Hewitt News

Visiting Scholars
Hewitt News

At Hewitt, we believe in empowering girls to establish a sense of self rooted in confidence, empathy, and hardiness through active, girl-centered academics and authentic connections to the world beyond our campus. To help cultivate an inner curiosity and passion essential to personal growth, academic success, and community leadership, visiting scholars and engaging professionals are a constant presence at Hewitt. 

This year we welcomed acclaimed authors, world-class musicians, and an MIT professor, to name a few.


Kaki King, guitarist and composer, performed for Hewitt students at our Theater at St. Jean. Ms. King brought along a sampling of her collection of over 30 unique and unusual guitars, showing off the craftsmanship and style that goes into making each instrument.


Emma Sutton, a professional musician who has played for the American Ballet Theatre and Lion King on Broadway, spent time playing the violin and answering questions about string instruments for grade 3. The girls have been learning about the four instrument families, and were excited to meet and learn from a professional New York City musician.


Sarah Mlynowski, creator of the Whatever After and the Upside Down Magic series, spoke to Lower School students about her writing process and the steps she takes from brainstorming ideas to book publishing. The girls weighed in on the various covers her books have been given when published in different countries.


Imbolo Mbue, author of Behold the Dreamers, visited Hewitt to meet with students in grades 11 and 12. Mbue spoke with the girls about a range of topics, including immigration and class divisions, that built on discussions the girls have been having in several of their English electives. The conversation also delved into the writing process, the connection between real life and fiction, and the place of empathy in our lives.


Sue Monk Kidd, author of The Secret Life of Bees, Skyped in with grade 8 English students after their posters inspired by her book caught her eye on Twitter! The posters were part of a number of activities designed to help students engage deeply with the novel and make critical connections between theme and image within the text.


Julie Chibbaro, author of Deadly, visits grade 7 and presents an image of Times Square from 100 years ago. Ms. Chibbaro helped the girls understand the intense research that must be done in preparation to write a historical novel, and shared what she learned about what a young girl’s life might be like in 1906 in New York City.


Leon Glicksman: Hewitt grandfather and MIT professor visited Tim Clare’s AP Environmental Science course to talk about global warming and his work involving energy and sustainability initiatives. Photo of him demonstrating the concept of greenhouse gases with his granddaughter's help.


Jill Kargman, author and actor on Bravo’s Odd Mom Out, was the guest speaker at this year’s PA sponsored book fair.


Each year, Hewitt’s world languages department offers opportunities for middle and upper school students to travel abroad to Spanish- and French-speaking countries. These trips, filled with new experiences and discoveries, provide students with the chance to immerse themselves in the language, culture, history, and culinary traditions of different cities.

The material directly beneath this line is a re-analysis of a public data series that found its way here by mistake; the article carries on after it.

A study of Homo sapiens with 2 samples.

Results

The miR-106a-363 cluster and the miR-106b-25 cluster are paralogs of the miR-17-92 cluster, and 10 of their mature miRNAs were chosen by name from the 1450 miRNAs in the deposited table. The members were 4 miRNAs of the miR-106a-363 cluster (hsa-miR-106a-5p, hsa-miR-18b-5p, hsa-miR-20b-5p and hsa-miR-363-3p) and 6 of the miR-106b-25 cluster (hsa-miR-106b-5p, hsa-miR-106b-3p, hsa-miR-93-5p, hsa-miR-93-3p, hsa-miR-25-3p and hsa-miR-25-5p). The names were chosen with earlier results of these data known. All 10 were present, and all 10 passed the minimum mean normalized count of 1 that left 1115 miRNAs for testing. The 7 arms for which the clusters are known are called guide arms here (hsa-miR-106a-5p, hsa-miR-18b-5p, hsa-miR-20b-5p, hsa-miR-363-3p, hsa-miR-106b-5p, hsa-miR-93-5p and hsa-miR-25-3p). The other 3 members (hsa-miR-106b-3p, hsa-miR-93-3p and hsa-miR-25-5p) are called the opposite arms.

This October, three upper school Graphic Design students attended the 12th annual Teen Design Fair, where they caught the attention of graphic designers from Sesame Workshop. Impressed with Hewitt students’ design knowledge and excited about their work on cartoon characters, the Sesame Workshop designers invited the girls to tour their art department.    

This fall, Hewitt’s athletes hit the ground running in volleyball, soccer, and cross country. Our varsity and JV teams were complemented by a record number of middle school student athletes, and the season was characterized by talent, skill, determination, and teamwork. 

In its second year, Hewitt’s summer grant program supported faculty experiences that align with the school’s four academic pillars - presence, empathy, research, and purpose. 

This summer, several Hewitt faculty members participated in mindfulness training designed specifically for educators. Read their personal reflections to learn how they are incorporating mindfulness practices into their classrooms. 

Spurred by questions based on both hypothetical and actual situations, fifth and sixth students utilize classical philosophies and political theories like those of Aristotle, Kant, and Rawls to guide their critical reasoning as they consider dilemmas in law and justice. 

Faculty member Erik Sommer discusses his summer art installation at Fastnet, an alternative exhibition space in Red Hook, Brooklyn. 

The Hewitt School embraces the notion of teachers as learners and offers faculty several opportunities for professional development throughout the year.

From the first day of rehearsals the cast of "The Cripple of Inishmaan" jumped at the chance to take on the challenges posed by this complex text.

At Hewitt, we believe in empowering girls to establish a sense of self rooted in confidence, empathy, and hardiness through active, girl-centered academics and authentic connections to the world beyond our campus. 

In December 2016, six upper school students and nine faculty and staff members attended the annual People of Color/Student Diversity Leadership Conference in Atlanta.

At The Hewitt School, all middle school students are given the opportunity to learn robotics, and interested girls are encouraged to build on this foundation by participating in our Hawks Robotics elective. 

This March, over 700 members of the Hewitt community, including students, current and incoming families, alumnae, faculty, staff, and Met Museum educators, gathered at The Vinegar Factory to celebrate the opening of Feminist Stance: What Do You Stand For?